Source: Guitar Player Magazine
Freddie rarely included a chord's extensions and alterations, such as the b5, #9, or 13th. He mainly used major triads, 7ths, 6ths, and some 9ths. When an arranger writes a C7b5, it doesn't make sense for the rhythm guitarist to play a b5, because it gets added by the other instruments. [Editorial note: I believe what Bucky meant was that the rhythm guitarist should choose a C7 voicing that eliminates the fifth of the chord. Playing a C7 voicing that includes the fifth (G) when the harmony of the arrangement calls for a b5 (Gb) would create an unwanted dissonance.]
To be an effective rhythm man, you just can't play any old thing; you have to go out of your way to make things work. When you look at a chart, the first chord that comes to mind might be at the wrong end of the fingerboard. For instance, the F major chord way down at the 1st fret is never any good for playing with Count Basie's band, so you need an F chord that's in a different location on the fingerboard. Instead of F at the 1st fret, Freddie would play a C6 at the 7th fret, which is the same as an Fmaj7 chord - a three note C6 that uses just a C (6th string), an A (4th string), and an E (3rd string) is exactly the same as an Fmaj7 without the root F.
Freddie usually kept things in the middle of the fingerboard, and he never hit [sounded ] all strings at once; his three and four note voicings skipped over a string. If you listen carefully to how his chords move from one to the next, you'll hear a nice fat sounding tenth interval [between the 6th string and the 4th string ]. In addition, he always kept things basic by going directly to the next chord, instead of approaching it from a half-step above or below.
Some people say that Freddie's sound was a result of how he held the guitar tilted at a 45 degree angle, but it really had to do with his strong right-hand pick stroke which used a lot of wrist action, and how he lifted his left hand fingers to cut the chords short and produce a percussive quality. When he played, his right hand went like clockwork and his left hand bounced off the strings. He was most effective at slower tempos, which are more difficult to do than others, but he was also an iron man who could hold a fast tempo for a long, long time. Once he got that wrist going, that was it. Keep in mind that he had very high [string ] action.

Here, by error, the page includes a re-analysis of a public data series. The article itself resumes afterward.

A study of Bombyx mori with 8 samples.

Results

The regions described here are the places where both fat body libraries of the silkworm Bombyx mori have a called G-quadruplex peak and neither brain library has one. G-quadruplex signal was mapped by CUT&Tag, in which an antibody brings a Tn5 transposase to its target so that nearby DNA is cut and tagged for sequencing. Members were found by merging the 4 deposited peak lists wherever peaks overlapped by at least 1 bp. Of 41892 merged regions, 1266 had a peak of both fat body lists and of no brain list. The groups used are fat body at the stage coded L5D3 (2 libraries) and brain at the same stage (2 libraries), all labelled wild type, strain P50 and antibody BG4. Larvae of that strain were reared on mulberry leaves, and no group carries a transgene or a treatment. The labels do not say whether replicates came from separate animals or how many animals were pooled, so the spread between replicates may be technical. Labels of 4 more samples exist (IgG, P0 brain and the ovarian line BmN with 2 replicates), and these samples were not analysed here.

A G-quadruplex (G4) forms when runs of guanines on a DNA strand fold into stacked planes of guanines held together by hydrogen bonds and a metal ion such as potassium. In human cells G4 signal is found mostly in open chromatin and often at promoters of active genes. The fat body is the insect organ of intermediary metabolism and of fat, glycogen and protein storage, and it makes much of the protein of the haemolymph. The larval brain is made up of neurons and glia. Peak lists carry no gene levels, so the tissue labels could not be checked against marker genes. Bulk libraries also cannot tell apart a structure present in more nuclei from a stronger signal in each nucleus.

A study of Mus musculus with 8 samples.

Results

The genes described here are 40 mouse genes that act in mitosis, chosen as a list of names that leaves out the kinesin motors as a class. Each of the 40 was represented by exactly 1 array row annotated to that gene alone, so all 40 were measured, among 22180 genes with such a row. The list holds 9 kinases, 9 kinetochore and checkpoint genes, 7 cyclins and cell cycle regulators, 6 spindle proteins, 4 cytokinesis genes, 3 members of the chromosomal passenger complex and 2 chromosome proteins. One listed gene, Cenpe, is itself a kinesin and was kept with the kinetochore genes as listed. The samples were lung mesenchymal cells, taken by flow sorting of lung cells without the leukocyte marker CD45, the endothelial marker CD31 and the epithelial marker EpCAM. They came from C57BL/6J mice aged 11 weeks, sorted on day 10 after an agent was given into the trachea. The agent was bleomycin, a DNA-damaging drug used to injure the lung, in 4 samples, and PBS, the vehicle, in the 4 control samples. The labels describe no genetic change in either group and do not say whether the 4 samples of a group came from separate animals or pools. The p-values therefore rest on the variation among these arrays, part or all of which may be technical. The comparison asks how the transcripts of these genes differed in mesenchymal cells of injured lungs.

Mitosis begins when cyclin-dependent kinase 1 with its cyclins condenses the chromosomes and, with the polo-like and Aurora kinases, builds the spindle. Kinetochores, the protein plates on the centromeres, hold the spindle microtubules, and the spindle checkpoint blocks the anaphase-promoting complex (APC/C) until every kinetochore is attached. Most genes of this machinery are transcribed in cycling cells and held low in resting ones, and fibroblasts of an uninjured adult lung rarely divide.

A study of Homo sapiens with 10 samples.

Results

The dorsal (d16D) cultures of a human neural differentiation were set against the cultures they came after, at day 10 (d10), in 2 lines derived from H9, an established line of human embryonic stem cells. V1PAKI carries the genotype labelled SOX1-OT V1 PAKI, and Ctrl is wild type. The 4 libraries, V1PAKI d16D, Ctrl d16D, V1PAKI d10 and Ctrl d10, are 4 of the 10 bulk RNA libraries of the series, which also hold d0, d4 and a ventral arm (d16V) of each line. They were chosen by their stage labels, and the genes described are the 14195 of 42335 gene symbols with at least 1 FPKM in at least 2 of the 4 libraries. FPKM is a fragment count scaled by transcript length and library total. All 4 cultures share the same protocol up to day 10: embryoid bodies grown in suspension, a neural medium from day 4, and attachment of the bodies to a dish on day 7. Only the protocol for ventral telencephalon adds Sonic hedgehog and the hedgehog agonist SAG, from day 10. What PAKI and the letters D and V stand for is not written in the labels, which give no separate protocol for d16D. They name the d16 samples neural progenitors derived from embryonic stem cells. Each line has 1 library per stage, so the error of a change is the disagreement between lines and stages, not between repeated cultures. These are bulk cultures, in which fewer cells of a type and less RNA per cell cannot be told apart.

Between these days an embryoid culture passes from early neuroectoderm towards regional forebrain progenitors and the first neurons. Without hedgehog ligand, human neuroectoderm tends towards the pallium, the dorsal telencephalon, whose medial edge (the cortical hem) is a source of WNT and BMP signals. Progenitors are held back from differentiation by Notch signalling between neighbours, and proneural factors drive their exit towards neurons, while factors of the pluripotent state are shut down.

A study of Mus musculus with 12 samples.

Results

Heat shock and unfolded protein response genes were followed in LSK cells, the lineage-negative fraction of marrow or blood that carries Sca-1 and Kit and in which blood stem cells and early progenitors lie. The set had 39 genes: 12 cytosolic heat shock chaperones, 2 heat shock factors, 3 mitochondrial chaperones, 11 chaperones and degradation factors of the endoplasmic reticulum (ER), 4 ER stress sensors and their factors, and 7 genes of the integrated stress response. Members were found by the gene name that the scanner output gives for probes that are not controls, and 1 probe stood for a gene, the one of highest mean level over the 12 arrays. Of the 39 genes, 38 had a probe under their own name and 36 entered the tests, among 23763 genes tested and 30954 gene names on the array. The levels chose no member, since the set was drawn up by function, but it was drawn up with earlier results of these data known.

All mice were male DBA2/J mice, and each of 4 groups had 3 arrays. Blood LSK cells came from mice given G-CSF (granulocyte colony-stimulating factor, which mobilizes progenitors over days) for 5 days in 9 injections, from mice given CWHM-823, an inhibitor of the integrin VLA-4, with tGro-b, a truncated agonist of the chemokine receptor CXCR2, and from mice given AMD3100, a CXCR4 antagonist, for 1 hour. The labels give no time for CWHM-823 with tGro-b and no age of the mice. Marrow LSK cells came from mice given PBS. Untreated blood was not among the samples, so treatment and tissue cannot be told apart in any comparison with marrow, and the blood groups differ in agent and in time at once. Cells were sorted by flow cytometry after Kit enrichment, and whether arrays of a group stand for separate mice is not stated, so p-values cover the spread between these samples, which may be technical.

I recently heard him in Switzerland, and I noticed that he hit the after-beat right on the money, even on a slow tune. In other words, right after the bassist hit the downbeat, Freddie accented the chord on beats 2 and 4 - he knew exactly where to drop that "chink". Playing rhythm effectively is something that a lot of young guitarists have difficulty with, because they are just used to soloing. If you want to be a well-rounded guitarist, you should know how to just play time with a bassist and a drummer. Get together with a couple of friends and read changes out of a fake book until you sound like Freddie.
It's hard to imagine the Count Basie band without an acoustic guitar, because it was always there. Using an electric guitar is the wrong approach to playing rhythm. Frequently it's the guitarist who makes a record sound good, but the reverse is also true. If the guy isn't playing right - if he's crunching away - he can spoil everything. Many times things don't work because the wrong kind of instrument is being used, such as an unamplified electric guitar or a roundhole guitar. Some guys can make a roundhole sound good, but you really need to use an archtop, which has the proper decay.
The whole ball game with Freddie was his commitment to doing one thing so well. It didn't matter what tune he was playing because he always made all of them sound so right. He set the standard. Anybody who has an interest in rhythm guitar has to listen to Freddie Green. Greats such as Barry Galbraith, Allan Reuss, Al Hendrickson, and Tony Rizzi were all influenced by him. Spirit should come first, and that's what he and Count Basie always had - they'd blow you away. Whatever system Freddie Green was using to come up with those parts, it sure worked.
Editorial Note: This article included an original composition, "Blues for Green", written by Bucky Pizzarelli in memory of Freddie Green. Due to copyright restrictions, the music is not posted here. Additionally, the piece was more indicative of Pizzarelli's playing style than Freddie's playing style.